American Journal of Infectious Diseases

A Case of Refractory Salmonella Spondylodiscitis in an Immunocompetent Patient Treated Via an Extracavitary Approach, Corpectomy and Placement of Expandable Cage

Kimon Bekelis, Oren Gottfried, Zyia L. Gokaslan, Panagiotis Markopoulos and Ibrahim Omeis

DOI : 10.3844/ajidsp.2010.44.49

American Journal of Infectious Diseases

Volume 6, Issue 2

Pages 44-49


Problem statement: Salmonella spondylodiscitis is a rare condition that is more prevalent in patients with sickle cell disease or immunosuppression. However, it can also be found in immunocompetent patients. It usually responds well to proper antibiotics. However, surgery is rarely indicated when the infection is refractory to antibiotics, the spine is destabilized or there is an epidural component that is compressing the thecal sac and causing neurological deficit. We report the case of a 60 year-old African American woman with borderline diabetes mellitus controlled with diet, who presented with Salmonella osteomyelitis of the thoracic spine that was associated with an epidural abscess. Approach: The patient presented to an outside hospital with diarrhea, fever and chills. This occurred after eating a chicken sandwich. Stool and blood cultures were positive for Salmonella. Initially she was placed on triple antibiotics (ceftriaxone, vancomycin and levofloxacin) and was later switched to levofloxacin alone given that the bacteria were sensitive to this drug. Several weeks later, she presented with severe back pain. Imaging studies showed a significant lytic lesion in her thoracic spine at T11-12 with an epidural component. Given the instability of the lesion and the failure of medical treatment a decision was made for surgical intervention. Results: She underwent an extracavitary approach for partial T11-T12 corpectomies and fusion with instrumentation with continuous administration of the proper antibiotics. The patient was then discharged to an acute patient rehabilitation center. Postoperatively, she was able to ambulate with full strength in her extremitiesand her back pain had resolved. Conclusion/Recommendations: To the best of the authors' s knowledge this is the first reported case of Salmonella spondylodiscitis in an immunocompetent patient treated with a corpectomy via an extracavitary approach with the use of an expandable cage and posterior instrumentation.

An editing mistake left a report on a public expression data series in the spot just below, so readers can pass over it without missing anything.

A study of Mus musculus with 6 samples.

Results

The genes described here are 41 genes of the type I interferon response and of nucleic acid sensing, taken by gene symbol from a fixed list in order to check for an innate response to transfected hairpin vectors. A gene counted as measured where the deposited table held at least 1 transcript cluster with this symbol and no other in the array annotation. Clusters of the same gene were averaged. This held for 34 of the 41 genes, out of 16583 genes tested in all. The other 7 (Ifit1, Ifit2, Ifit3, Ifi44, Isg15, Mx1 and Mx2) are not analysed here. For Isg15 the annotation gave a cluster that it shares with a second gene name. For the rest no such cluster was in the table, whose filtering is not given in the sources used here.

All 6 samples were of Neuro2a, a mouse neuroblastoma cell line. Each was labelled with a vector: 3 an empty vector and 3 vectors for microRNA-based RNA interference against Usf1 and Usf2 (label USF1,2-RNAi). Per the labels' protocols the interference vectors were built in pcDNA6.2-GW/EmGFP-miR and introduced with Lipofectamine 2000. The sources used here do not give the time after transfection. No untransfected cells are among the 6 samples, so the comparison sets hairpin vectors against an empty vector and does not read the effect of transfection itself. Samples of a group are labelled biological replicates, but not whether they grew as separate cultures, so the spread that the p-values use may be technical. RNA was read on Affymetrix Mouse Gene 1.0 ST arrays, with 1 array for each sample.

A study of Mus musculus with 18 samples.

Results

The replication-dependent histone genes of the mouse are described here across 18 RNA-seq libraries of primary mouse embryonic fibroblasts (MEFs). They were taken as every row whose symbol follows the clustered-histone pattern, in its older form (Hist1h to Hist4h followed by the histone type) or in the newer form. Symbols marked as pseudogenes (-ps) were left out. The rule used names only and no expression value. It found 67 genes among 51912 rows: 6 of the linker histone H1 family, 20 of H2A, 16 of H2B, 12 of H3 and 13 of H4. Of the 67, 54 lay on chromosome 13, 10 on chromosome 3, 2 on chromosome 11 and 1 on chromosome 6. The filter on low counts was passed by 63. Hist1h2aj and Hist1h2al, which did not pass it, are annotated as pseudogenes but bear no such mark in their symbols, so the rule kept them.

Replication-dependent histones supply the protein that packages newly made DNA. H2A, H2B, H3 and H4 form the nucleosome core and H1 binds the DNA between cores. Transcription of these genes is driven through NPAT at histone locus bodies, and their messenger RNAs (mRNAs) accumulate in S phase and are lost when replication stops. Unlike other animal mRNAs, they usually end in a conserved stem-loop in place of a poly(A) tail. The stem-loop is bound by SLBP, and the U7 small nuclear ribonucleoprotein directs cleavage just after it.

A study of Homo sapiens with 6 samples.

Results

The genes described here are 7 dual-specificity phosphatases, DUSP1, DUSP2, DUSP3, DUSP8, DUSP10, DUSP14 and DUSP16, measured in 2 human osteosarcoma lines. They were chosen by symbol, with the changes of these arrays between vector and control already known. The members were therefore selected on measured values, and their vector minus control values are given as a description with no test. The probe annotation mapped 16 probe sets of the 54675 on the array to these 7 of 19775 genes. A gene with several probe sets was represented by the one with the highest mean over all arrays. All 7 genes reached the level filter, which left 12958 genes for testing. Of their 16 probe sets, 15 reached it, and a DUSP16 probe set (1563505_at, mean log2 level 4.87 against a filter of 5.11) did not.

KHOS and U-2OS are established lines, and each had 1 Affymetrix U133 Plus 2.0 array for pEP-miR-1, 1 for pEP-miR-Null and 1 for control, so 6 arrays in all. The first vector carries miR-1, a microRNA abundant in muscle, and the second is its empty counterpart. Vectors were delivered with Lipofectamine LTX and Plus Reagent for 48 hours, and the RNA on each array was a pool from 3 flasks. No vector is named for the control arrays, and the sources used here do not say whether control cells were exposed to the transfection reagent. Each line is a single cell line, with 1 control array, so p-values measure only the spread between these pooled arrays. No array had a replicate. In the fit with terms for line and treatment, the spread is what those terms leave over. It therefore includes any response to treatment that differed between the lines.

© 2010 Kimon Bekelis, Oren Gottfried, Zyia L. Gokaslan, Panagiotis Markopoulos and Ibrahim Omeis. This is an open access article distributed under the terms of the Creative Commons Attribution License, which permits unrestricted use, distribution, and reproduction in any medium, provided the original author and source are credited.